Sunday, April 20, 2014
By Martha Sterling-Golden
One woman considered a prime candidate for the Treasury job was former Council of Economic Advisors Chairwoman Christina Romer.
In November, Dan Froomkin wrote about the potential for a woman receiving the nod for Treasury, spotlighting Romer: "(She) championed much greater stimulus spending to spur economic growth and reduce unemployment." But, as recounted in the Washington Post, "Geithner snapped at her that stimulus was like 'sugar,' that its effect was fleeting, and that the White House should focus on reining in the debt instead." She was right.
Romer departed from the CEA post early, and there were stories that CEA colleague Larry Summers had tried to interfere with her access to the president. This would be in keeping with his behavior as part of the Working Group on Financial Matters during Bill Clinton's second term. He famously hounded regulator Brooksley Born out of the inner circle, telling people she was "irascible, difficult, stubborn, unreasonable," because she had the temerity to suggest that allowing the markets to bet against questionable mortgages might not be in the best interests of the economy. She was right.
Freshly minted U.S. Sen. Elizabeth Warren was famously grilled during her midwifery of the Consumer Financial Protection Bureau -- a post she was considered a prime candidate to fill but for which she was never nominated.
She was considered "an outsider" and "meddlesome," undermined by Democratic senators like Chris Dodd, and the financial sector's unofficial lobbyist, Timothy Geithner, who recommended deferring to the top dozen or so bankers in 2009, a move Warren never supported. She was right.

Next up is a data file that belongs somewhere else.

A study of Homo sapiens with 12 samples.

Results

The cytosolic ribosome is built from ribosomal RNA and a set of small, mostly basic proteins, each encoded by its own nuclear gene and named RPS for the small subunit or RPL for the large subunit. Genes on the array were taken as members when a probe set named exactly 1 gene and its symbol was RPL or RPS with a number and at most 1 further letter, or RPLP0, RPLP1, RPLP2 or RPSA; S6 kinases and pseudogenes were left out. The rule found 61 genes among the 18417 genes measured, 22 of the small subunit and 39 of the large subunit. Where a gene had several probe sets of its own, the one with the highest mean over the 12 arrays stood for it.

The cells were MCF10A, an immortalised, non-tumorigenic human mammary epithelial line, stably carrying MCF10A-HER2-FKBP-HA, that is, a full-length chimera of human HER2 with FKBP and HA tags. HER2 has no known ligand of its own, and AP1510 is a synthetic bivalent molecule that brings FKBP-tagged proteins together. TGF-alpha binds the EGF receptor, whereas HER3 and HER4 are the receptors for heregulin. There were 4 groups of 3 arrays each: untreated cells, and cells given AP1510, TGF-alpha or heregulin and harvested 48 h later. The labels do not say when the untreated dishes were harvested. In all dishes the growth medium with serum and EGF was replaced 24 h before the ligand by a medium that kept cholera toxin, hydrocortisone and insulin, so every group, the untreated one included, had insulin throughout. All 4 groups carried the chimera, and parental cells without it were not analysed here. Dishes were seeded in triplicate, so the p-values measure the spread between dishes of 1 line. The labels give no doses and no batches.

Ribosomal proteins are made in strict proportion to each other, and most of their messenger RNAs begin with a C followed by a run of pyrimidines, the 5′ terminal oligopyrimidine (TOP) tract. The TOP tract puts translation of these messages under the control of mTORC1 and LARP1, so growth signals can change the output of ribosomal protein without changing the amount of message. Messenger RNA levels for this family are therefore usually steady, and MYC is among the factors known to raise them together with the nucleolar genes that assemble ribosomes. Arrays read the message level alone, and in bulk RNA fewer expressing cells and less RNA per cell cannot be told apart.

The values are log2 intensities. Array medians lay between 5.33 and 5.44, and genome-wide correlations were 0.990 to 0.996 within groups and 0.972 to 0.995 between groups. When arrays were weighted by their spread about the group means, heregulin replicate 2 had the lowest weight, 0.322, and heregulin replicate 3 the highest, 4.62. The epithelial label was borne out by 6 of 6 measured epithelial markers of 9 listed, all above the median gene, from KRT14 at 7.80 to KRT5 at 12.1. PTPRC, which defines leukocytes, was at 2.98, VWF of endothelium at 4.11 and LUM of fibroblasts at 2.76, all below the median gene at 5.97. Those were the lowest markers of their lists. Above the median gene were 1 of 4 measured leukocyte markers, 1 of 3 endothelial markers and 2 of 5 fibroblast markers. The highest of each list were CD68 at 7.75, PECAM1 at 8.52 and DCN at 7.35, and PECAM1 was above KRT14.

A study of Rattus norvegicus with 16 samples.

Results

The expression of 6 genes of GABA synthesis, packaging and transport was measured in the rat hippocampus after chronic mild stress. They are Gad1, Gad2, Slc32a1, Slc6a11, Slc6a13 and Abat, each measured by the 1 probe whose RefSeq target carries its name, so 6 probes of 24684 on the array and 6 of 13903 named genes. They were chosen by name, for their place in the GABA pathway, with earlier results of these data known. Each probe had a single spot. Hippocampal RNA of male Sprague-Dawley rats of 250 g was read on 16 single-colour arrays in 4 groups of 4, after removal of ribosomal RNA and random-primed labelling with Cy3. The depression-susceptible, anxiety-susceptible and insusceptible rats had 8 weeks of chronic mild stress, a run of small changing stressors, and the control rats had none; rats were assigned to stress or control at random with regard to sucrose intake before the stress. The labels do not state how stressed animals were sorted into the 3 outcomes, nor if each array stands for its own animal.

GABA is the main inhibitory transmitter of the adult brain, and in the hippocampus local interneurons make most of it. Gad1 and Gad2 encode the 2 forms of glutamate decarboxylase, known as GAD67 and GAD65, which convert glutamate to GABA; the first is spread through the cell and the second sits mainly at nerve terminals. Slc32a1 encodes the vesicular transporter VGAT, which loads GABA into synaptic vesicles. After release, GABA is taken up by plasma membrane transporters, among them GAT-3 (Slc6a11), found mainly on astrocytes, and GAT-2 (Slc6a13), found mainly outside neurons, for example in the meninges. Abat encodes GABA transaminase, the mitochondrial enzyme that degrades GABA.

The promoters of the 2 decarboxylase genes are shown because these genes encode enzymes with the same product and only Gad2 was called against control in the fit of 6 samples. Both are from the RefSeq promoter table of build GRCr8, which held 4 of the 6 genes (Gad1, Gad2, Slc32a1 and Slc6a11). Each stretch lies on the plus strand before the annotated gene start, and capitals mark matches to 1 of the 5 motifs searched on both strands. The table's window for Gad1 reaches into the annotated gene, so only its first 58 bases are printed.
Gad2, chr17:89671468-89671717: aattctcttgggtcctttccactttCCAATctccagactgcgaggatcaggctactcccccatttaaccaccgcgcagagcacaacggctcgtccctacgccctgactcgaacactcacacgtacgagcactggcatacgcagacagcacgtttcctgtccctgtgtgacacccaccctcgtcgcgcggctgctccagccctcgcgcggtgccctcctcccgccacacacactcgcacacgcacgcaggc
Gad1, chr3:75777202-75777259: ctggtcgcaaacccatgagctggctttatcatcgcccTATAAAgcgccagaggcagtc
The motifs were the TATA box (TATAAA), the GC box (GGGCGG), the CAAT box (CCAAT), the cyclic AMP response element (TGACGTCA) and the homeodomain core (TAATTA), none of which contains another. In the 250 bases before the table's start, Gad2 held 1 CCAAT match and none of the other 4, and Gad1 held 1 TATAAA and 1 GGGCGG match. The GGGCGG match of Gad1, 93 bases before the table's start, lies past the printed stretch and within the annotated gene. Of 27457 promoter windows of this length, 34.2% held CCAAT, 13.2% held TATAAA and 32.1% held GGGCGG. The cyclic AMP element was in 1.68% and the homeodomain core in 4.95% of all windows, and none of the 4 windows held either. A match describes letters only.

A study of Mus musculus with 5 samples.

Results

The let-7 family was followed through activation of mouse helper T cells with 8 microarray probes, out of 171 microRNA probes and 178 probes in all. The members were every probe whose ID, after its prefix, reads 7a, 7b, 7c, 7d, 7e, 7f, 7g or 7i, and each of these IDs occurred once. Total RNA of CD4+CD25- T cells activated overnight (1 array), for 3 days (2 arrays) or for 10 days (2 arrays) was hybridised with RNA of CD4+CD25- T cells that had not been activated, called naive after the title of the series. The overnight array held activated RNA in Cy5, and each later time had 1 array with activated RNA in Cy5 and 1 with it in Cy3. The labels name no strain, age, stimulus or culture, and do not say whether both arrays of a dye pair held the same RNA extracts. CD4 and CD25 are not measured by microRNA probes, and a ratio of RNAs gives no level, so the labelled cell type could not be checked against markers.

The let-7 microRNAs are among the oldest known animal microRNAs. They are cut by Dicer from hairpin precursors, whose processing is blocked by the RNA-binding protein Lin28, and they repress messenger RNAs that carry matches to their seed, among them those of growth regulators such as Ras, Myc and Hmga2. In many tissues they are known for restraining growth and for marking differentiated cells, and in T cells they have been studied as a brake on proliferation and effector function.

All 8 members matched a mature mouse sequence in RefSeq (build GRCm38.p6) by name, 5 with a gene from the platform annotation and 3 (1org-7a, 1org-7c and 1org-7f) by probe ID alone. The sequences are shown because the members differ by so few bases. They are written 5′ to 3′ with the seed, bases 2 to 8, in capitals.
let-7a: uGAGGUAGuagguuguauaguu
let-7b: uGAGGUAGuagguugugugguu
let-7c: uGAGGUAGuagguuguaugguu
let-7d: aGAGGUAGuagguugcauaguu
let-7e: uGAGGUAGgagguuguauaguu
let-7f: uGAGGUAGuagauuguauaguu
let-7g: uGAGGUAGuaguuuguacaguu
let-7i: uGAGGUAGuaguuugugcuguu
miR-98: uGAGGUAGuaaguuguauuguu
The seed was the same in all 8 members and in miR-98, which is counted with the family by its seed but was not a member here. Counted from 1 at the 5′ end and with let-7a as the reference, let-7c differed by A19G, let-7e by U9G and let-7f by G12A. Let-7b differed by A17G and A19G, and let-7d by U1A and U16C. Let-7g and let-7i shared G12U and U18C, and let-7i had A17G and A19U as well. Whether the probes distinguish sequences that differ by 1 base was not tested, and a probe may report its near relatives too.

So we must ask, what is going on here? What does our leadership terrain look like in the 21st century?
First, a little context: More than 12,000 individuals have served in Congress since 1789. Two hundred seventy-seven of them have been women, and one-third of that number is in the current class. The Center for American Women and Politics states that, in all, "40 women have held 45 Cabinet or Cabinet-level appointments." Ever.
A recent article by Ilene Lang, president of Catalyst, an organization dedicated to expanding opportunities for women and business, states that "companies with the greatest female representation on boards generate a 50 percent greater return on equity and invested capital than companies with less diverse boards." In a recent study from McKinsey & Co., a global management firm, women rate higher than men in more areas of leadership skill, yet the 50 highest paid executives in the U.S. are all men -- even if their companies are in serious trouble. Only 3 percent of CEOs are women. Worse, the number of women in executive positions has actually dropped over the past 10 years.
Why would we exclude people who have demonstrated exceptional skill in their fields? At the World Economic Forum last Friday at Davos, Switzerland, Sheryl Sandberg, the CEO of Facebook, went on the offensive against barriers to women in leadership.
Sandberg noted that as men become more successful, they are more popular, but the opposite is true of women: "She's great at her job but she's just not as well liked by her peers," or: "She's a bit aggressive."
Indeed, did we not hear these very comments about our U.N. Ambassador Susan Rice, when her name was floated as a replacement for outgoing Secretary of State Hillary Clinton? Indeed, in the recent Senate hearing on Benghazi, the notoriously volatile Sen. John McCain referred to Secretary Clinton's "combative" testimony, rendering the irony nearly palpable.
In the U.S., women make up the majority of the population and it's past time that our presence was more strongly felt in government. On March 31, 1776, just after the British left Boston Harbor, Abigail Adams wrote her famous "Remember the Ladies" letter to her husband, John. What is seldom printed is the final sentence in that paragraph, as follows: "If particular care and attention is not paid to the ladies, we are determined to foment a rebellion, and will not hold ourselves bound by any laws in which we have no voice or representation."
On Jan. 24, President Obama appointed former federal prosecutor Mary Jo White to head the Securities and Exchange Commission. We'll take it, but we'll be watching.
Martha Sterling-Golden is a former president of the Women's Campaign School at Yale University, and serves on the advisory board of Emerge Maine, a women's leadership program. She is a native and resident of Maine.